Gaza and the conquest of Egypt
The brotherhood of religious bigotry has spawned not only Hamas but al Qaeda and other groups of intolerant Muslims. They are the core group in the Arab world who rail not just against the west but against modernity too. They seek not to negotiate with others but to destroy them. That is why it is unrealistic to expect any peace agreements on the state of Israel. There is no one on the Palestinian side who has anything of value to offer.
What if Gaza were to conquer Egypt? The possibility is not as remote as it may seem just by glancing at the map.
Egypt has more than 50 times the population of its former colony and 2,800 times the landmass. But Gaza is sovereign Hamas territory, Hamas is the Palestinian branch of Egypt's Muslim Brotherhood, and Egypt -- not Israel -- is the country that has most to fear from a statelet that is at once the toehold, sanctuary and springboard of an Islamist revolution.
No wonder liberal Egyptians are reacting with near-hysterical alarm to last Wednesday's demolition of the border fence between the Gaza Strip and the Sinai. The Brotherhood organized at least 70 demonstrations throughout Egypt early last week to protest Israel's economic blockade of the Strip, itself a reaction to Hamas's rocket barrages into Israel. "Arm us, train us and send us to Gaza," chanted the demonstrators, along with "O rulers of Muslims, where is your honor, where is your religion?" The independent Egyptian daily Almasry Alyoum also described conversations between Hamas leader Khaled Mashal and Mohammed Mahdi Akef, the Brotherhood's Supreme Guide, to coordinate their activities. "We will take to the streets and defend our brothers in Gaza, even if we are all tried in military courts," Mr. Akef was reported as saying.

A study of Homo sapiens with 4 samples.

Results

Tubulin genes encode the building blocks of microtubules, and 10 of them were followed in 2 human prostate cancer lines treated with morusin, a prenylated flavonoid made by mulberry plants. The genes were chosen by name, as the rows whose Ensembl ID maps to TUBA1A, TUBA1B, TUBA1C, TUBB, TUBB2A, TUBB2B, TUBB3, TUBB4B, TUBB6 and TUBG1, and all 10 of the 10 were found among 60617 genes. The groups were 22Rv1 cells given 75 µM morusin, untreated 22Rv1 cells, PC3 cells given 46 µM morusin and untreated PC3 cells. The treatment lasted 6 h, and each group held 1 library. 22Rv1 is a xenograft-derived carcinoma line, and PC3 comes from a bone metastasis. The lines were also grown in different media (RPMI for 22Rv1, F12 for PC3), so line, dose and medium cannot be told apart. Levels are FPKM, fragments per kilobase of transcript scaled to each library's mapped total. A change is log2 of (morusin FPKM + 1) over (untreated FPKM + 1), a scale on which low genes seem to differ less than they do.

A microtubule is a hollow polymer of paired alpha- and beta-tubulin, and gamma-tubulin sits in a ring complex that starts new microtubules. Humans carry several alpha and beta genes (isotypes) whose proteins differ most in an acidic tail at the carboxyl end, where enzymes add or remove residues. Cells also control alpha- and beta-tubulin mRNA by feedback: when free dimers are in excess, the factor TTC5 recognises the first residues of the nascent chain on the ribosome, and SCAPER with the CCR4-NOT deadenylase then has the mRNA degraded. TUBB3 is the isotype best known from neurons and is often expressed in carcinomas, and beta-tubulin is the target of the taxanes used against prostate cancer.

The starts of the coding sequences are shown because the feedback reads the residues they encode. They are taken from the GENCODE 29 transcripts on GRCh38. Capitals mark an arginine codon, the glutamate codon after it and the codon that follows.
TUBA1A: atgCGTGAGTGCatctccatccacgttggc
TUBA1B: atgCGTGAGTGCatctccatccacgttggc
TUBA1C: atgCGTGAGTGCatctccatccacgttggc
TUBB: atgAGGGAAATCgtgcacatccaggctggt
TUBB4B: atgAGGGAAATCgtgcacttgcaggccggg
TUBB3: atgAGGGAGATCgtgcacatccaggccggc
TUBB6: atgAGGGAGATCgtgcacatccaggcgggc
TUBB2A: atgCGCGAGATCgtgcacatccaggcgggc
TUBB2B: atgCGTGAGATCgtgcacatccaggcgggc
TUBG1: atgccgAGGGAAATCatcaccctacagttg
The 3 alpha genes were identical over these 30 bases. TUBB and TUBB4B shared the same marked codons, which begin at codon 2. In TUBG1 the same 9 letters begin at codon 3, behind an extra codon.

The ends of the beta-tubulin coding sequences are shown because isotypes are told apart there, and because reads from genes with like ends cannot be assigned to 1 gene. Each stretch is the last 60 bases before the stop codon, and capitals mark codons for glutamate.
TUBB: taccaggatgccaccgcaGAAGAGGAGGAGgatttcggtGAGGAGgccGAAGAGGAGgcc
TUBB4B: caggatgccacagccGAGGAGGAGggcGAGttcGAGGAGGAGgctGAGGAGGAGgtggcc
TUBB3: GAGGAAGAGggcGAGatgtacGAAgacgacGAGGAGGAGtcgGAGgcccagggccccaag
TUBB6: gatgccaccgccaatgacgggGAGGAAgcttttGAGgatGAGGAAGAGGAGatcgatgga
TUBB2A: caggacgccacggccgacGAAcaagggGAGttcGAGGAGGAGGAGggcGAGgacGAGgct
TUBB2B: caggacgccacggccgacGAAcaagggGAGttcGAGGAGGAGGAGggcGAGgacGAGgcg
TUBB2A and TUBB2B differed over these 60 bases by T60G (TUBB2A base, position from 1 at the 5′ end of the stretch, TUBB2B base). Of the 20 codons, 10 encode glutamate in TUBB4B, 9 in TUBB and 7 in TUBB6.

As Middle Eastern power plays go, Hamas's decision to dismantle the Gaza-Sinai border was a masterstroke. Gaza's economic woes are almost wholly self-inflicted, but they are real. Dynamiting and bulldozing the border of a neighboring country is legally an act of war, but it was made to seem like a humanitarian necessity and a bid for freedom. Flooding that neighbor with hundreds of thousands of desperate people is a massive economic burden on Egypt, but one that it shirks at its political peril.
Above all, Hamas exploited the myth of pan-Arab solidarity with the Palestinians in order to explode it. Having whipped itself into its usual frenzy over Israel's "siege" of Gaza, it was a delicate matter for the state-run Egyptian press to make the government's case for deploying truncheon-wielding police to turn back the Palestinian human tide. It's an equally delicate matter for the Egyptian government to arrest Brotherhood protesters peacefully demonstrating "for Palestine," even if the Brotherhood's real target is Hosni Mubarak's regime and the Israeli-Egyptian peace treaty that it supports.
For the Brotherhood all this is excellent news. Yesterday, Nabil Shaath, a Palestinian minister in President Mahmoud Abbas's cabinet, reportedly sought a meeting in Cairo with Supreme Guide Akef in order to negotiate a new border arrangement. Mr. Akef declined to see him, a telling indicator of the Brotherhood's newfound political confidence. It can now lay firm claim to the Palestinian cause, never mind that its "brothers" in Hamas are the real source of current Palestinian misery.
In the war of ideas, the brotherhood has only bad ones based on Islamic supremacy.